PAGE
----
February 22, 2010

Bill Johnston: Common Historical Mistakes

As with any legendary figure, Bill Johnston's history has been embellished with misfacts. This post aims to correct the commonest errors.

Annual Festival Folly

The most mendacious makeover of the Johnston legend is perpetrated annually by the town of Alexandria Bay, New York. Each August, the local tourism industry stages its "Bill Johnston Pirate Days" festival.

Here is a list of misfacts found in Alex Bay press releases and web sites:
  • The festival re-enacts Bill Johnston's alleged pirate-ship attack on the village. Johnston never attacked Alex Bay or any other American town. Johnston was a loyal American who fought for the US in the War of 1812. His war was always against the British.

  • The festival literature repeats one of the silliest misfacts: that Bill Johnston spent months hiding in a cave on Devil's Oven Island in 1838. The cave entrance is in plain site of Alex Bay, making it a poor hideout. It is also narrow and claustrophobic, an unlikely dwelling for a large, active man. Many sources say Bill's daughter Kate smuggled food to her father while he hid in that narrow cave. While Kate did run supplies to Bill, it was never to Devil's Oven. An article published in the Watertown Re-union in February 13, 1873, quoted Kate Johnston as saying that the cave story "is a fabrication."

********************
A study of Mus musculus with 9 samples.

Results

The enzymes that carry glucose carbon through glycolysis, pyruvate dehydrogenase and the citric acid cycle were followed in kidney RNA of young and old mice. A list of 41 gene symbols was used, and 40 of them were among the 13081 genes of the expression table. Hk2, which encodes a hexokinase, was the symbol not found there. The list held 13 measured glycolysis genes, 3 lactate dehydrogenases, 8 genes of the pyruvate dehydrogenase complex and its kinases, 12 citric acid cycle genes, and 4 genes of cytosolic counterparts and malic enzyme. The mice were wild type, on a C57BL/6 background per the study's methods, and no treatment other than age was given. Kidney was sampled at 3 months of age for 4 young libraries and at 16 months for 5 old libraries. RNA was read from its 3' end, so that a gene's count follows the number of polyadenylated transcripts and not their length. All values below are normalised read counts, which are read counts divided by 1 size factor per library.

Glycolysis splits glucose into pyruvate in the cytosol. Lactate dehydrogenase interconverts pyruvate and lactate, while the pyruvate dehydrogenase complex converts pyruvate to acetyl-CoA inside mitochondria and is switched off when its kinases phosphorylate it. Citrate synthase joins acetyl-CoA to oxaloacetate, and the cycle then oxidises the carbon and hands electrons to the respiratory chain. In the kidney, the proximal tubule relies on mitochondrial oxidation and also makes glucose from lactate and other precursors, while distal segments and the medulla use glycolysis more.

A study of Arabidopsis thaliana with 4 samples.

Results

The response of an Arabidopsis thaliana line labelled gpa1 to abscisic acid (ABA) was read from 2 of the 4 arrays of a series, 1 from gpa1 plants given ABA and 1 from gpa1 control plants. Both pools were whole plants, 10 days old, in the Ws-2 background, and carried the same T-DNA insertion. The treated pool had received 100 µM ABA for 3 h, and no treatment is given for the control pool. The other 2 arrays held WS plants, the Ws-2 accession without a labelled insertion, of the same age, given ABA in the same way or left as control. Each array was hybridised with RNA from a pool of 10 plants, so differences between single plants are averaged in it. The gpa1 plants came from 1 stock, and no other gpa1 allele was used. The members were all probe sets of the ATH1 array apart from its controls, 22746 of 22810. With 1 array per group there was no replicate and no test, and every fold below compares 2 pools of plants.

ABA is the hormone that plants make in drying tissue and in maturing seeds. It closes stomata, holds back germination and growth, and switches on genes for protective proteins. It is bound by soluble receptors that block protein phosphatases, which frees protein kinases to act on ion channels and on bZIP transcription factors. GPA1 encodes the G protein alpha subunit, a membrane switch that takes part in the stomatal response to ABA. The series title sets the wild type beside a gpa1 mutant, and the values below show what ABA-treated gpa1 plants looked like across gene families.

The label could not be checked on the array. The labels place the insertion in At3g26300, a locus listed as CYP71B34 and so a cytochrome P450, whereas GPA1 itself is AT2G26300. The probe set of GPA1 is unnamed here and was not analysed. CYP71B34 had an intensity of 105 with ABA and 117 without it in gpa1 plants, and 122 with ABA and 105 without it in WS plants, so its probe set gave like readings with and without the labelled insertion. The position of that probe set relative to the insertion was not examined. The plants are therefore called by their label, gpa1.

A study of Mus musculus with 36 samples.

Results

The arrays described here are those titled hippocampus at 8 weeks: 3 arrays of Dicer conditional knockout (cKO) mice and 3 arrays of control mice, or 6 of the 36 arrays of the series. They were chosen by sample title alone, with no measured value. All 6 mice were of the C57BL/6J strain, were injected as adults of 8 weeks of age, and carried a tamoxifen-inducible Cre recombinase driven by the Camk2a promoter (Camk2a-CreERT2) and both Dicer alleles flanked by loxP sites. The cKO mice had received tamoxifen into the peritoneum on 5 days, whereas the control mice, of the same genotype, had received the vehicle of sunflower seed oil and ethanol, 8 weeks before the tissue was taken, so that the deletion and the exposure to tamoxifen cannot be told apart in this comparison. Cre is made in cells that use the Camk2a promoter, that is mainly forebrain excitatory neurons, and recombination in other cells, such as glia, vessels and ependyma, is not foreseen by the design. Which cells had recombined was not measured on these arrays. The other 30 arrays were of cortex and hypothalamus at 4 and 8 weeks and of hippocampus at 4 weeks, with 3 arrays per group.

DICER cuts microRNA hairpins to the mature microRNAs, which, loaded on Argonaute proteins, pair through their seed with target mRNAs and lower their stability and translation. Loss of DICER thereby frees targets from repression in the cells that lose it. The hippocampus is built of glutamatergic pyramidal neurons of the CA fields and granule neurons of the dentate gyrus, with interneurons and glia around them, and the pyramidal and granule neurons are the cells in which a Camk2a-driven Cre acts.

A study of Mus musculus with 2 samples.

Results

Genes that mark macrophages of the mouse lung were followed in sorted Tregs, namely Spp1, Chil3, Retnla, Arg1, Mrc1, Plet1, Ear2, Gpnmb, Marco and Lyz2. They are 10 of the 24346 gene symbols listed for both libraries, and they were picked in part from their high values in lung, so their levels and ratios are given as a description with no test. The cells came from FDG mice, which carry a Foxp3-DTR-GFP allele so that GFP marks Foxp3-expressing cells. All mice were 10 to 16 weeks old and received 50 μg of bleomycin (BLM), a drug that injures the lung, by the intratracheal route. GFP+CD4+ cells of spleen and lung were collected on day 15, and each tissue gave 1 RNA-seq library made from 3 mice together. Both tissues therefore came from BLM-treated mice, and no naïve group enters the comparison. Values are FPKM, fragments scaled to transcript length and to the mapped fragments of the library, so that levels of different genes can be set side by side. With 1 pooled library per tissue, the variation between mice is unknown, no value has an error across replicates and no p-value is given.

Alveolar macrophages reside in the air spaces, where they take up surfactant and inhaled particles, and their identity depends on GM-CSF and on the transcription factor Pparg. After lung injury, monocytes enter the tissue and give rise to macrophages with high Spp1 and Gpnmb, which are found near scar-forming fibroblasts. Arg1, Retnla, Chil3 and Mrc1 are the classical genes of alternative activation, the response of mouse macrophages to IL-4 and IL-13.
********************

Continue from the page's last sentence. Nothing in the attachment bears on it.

• The pirates in the mock Alex Bay raid dress like the cast of a "Pirates of the Caribbean" movie. That garb was long out of fashion by 1838. Bill's henchmen dressed like the farmers and laborers they were. Bill always wore modest homespun garments in neutral colors. Unlike the grog-drinking overtones of the festival, historic accounts suggest Johnston was a teetotaler or occasional drinker, and a non-smoker.

Repeated Historical Mistake

The first person to chronicle the 1838 Patriot War was Charles Lindsey in Life and Times of Wm. Lyon Mackenzie, 1862. For the most part, the book by Mackenzie’s son-in-law is a wealth of Patriot War information. But, Lindsey incorrectly stated that Bill Johnston captained one of the Hunter schooners during the Battle of theWindmill.

Every historical account I have read from John Charles Dent in 1885 up to the end of the 20th century repeated that mistake. The error is easy to spot since none of the many accounts by battle combatants or observers corroborate Lindsey's error. Donald E. Graves fixed the historical record in 2001 in his superbly researched book Guns Across the River.